Bull will provide, maintain and operate a supercomputer to be installed at the International Fusion Energy Research Center (IFERC) in Rokkasho, Japan. This system is intended to allow the most advanced modelling and simulation in the field of plasmas and controlled fusion equipment. Available to European and Japanese researchers for a period of five years beginning in January 2012, this supercomputer is intended to allow the most advanced modelling and simulation in the field of plasmas and controlled fusion equipment.

The supercomputer will exceed Pflop performance and will be the third machine designed and developed by Bull reaching this level of computing power. The new supercomputer is designed to be operational 24-hours per day and its peak performance of almost 1.3 Pflops places it among the most powerful systems in the world. The computing components combine, within a cluster architecture, 4410 blades bullx series B including 8820 Intel Xeon processors of the ‘Sandy Bridge’ type, and 70,560 cores. The supercomputer is equipped with a memory exceeding 280 Tbytes and a high bandwidth storage system of more than 5.7 Pbytes, supplemented by a secondary storage system designed to support 50 Pbytes. The connection network for the cluster is based on InfiniBand technology.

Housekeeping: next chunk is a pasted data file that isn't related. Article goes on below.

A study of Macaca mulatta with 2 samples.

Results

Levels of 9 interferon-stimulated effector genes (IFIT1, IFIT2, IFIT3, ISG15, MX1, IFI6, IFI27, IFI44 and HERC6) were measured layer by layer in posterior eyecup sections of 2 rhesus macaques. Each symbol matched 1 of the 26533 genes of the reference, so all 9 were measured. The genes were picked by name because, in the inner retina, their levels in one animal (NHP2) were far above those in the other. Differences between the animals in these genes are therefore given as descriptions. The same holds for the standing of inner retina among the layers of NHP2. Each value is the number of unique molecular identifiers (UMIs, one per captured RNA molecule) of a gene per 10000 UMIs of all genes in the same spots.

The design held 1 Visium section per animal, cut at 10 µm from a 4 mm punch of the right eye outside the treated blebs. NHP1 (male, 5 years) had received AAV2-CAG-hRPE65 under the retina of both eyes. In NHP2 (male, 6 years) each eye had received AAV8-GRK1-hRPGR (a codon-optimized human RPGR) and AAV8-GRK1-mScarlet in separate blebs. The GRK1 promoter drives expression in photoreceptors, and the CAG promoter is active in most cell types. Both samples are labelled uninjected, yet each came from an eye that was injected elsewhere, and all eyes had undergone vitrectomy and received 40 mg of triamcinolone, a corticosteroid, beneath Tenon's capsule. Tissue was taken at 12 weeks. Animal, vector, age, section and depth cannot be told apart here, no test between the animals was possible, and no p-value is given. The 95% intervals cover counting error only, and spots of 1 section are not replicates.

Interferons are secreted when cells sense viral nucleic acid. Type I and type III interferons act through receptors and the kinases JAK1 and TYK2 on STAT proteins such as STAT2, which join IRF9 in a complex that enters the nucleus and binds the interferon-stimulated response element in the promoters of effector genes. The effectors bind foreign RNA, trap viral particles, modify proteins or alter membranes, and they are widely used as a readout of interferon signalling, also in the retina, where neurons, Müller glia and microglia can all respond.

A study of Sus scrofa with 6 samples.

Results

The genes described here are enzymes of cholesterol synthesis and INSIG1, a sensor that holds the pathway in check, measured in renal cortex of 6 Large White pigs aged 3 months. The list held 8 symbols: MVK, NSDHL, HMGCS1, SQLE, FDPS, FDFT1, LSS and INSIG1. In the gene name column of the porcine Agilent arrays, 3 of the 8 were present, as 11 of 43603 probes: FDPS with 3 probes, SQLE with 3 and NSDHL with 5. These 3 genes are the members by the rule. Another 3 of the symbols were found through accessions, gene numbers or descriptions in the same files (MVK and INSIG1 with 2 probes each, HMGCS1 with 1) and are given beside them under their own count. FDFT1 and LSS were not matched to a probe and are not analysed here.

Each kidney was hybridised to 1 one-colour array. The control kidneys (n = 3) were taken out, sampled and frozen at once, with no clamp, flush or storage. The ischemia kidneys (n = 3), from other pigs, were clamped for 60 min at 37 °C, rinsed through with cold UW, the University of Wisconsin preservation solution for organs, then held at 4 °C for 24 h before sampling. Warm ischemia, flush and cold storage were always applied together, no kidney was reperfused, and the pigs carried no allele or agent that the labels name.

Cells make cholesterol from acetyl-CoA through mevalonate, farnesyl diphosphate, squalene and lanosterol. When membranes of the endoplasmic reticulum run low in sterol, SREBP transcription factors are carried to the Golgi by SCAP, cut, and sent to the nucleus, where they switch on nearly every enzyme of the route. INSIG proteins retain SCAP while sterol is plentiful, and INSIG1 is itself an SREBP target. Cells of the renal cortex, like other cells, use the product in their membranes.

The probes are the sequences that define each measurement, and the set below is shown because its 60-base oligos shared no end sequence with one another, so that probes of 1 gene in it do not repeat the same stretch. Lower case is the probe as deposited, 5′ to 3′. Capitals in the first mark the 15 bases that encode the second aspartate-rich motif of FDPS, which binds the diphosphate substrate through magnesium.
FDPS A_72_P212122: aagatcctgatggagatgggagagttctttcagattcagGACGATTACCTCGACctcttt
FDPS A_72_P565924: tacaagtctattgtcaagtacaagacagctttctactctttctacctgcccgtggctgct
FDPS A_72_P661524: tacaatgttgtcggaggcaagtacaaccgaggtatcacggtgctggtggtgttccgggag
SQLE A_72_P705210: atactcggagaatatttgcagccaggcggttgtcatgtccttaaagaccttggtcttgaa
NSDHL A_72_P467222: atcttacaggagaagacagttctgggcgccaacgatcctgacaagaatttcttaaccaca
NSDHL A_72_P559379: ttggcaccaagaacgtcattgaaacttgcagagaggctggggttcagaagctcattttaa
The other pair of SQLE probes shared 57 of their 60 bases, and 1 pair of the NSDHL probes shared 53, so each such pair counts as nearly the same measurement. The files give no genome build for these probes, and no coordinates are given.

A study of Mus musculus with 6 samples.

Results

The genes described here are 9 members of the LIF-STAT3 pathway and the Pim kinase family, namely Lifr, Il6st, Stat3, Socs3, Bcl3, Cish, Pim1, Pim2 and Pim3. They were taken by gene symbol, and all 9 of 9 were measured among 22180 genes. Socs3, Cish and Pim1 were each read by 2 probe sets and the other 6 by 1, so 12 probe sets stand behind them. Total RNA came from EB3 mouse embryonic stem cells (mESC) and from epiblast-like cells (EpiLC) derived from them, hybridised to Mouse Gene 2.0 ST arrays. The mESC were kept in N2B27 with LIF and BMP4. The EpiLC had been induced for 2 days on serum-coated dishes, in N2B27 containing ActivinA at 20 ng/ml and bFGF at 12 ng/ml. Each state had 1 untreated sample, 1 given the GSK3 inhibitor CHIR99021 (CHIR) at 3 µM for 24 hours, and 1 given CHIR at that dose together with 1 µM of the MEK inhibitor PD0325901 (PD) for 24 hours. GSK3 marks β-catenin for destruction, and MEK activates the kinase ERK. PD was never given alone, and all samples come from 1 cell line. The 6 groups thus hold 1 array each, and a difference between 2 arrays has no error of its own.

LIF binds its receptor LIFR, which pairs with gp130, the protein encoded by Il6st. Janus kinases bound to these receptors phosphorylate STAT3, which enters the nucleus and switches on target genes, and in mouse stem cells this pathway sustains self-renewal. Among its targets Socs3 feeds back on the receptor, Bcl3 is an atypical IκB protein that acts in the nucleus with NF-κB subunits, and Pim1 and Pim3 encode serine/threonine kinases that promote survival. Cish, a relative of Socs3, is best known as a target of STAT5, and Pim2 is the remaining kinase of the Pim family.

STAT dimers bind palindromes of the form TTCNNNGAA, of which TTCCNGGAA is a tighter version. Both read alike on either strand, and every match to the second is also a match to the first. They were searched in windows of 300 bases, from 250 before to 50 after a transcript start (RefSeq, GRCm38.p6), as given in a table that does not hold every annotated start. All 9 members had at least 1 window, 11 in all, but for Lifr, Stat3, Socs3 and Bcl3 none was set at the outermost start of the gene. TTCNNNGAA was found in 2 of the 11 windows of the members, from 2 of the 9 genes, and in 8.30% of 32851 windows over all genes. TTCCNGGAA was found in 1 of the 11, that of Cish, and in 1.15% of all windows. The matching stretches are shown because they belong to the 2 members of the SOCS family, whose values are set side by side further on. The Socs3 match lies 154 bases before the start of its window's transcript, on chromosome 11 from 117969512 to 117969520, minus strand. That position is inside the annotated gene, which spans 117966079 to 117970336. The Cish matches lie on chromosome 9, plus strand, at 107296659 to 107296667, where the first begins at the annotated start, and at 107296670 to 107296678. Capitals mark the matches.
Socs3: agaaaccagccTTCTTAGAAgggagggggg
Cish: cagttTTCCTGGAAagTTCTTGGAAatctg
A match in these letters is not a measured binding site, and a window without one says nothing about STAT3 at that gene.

To supplement the computing component, 36 bullx series S systems and 38 bullx series R systems will be used for the cluster's administration; for management of the Lustre file systems and for user access. Bull will also provide 32 bullx series R systems, including high-performance graphics cards for pre- and post-processing and visualisation. The supercomputer will be equipped with the bullx supercomputer suite advanced edition; the software suite developed and optimised by Bull for Pflop-class systems based on the Linux operating system and including Open Source components.

CEA has been entrusted by F4E to run the full operation for Europe. The operational control of the computer centre will be overseen on site by a CEA director assisted by a deputy from JAEA. JAEA contribution to the project includes the delivering and managing part of the infrastructure required to host the supercomputer as well as local support for users and programmers. Bull will be responsible for the design and realisation of the electrical and liquid cooling infrastructures within the computer rooms. The company will also be responsible for installation, maintenance and operation of the supercomputer and its peripheral equipment for five years. For all these services, Bull will be assisted by its local partner SGI Japan Ltd. SGI will install, maintain and operate the supercomputer as well as provide additional key technologies for five years.

The installation of the supercomputer in Rokkasho will begin in June 2011.